Five Mangled Expressions was written in just eleven days between April 8th and May 6th of 2012. Saxophonist Stacy Maugans commissioned this work to collaborate with her new colleague, hornist Ericka Tyner Grodrian, on the occasion of her hire at Valparaiso University. The two premiered the piece at the International Horn Symposium in Memphis, Tennessee on July 31, 2013.
The title of the work was selected before one note of the piece was written. Composer David DeBoor Canfield initially intended to portray several common English expressions like “A bird in the hand is worth two in the bush” in the work. After reflection, however, he decided a more playful approach would be to write a piece based on mangled versions of these common expressions, resulting in movement titles like “It ain’t over ‘til the cows come home!” Canfield also embedded a few unrelated musical jokes in the work, including an obvious quote from Richard Strauss’ Till Eulenspiegels lustige Streiche, along with a “silent” ending where performers are instructed to finger the notes of the final measure while blowing air through their instruments.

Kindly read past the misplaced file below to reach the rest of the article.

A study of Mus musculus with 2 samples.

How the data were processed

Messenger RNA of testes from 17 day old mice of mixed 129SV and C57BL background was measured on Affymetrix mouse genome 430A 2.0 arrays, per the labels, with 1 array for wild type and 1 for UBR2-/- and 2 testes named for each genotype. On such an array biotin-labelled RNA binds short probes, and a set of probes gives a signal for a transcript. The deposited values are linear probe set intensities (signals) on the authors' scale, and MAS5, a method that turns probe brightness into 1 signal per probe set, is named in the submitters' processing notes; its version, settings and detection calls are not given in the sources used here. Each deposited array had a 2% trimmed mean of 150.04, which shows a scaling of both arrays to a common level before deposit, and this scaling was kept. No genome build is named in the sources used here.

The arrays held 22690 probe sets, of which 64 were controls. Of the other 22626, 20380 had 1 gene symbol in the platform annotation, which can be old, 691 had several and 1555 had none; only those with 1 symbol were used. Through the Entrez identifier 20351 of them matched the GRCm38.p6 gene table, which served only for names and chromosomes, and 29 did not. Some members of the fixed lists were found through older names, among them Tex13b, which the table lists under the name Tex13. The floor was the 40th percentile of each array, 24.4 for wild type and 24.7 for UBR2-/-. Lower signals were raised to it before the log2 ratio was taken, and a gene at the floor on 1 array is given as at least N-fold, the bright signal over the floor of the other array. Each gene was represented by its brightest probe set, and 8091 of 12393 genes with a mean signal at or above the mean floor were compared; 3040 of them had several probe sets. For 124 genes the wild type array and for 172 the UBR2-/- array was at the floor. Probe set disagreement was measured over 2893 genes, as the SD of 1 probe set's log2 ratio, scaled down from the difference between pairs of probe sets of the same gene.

The five movements are structured in a fast-slow-fast-slow-fast pattern, with the slower movements serving as solo features for the saxophone and horn respectively. The faster three movements showcase the instruments equally, with both saxophone and horn alternating between melodic and virtuosic passages.
Recording Date: June 23, 2014
Recording Location: Bloomington, Indiana
Ensemble Type: Saxophone and Horn duet
Performers: Stacy Maugans, Saxophone and Ericka Tyner Grodrian, Horn
About the Music
Composer: David DeBoor Canfield
Instrumentation: Saxphone and Horn
Place of Composition:
Date Composed: May 2012
Place First Performed: 2013 International Horn Symposium
Date First Performed: July 31, 2013
Music Styles: Tonal/modal
Five Mangled Expressions (2012)
A bird in the hand is bent out of shape.
Don’t blow your cool while the iron is hot!
Fools rush in until the fat lady sings.
There’s no place like the beaten path.
It ain’t over ‘til the cows come home!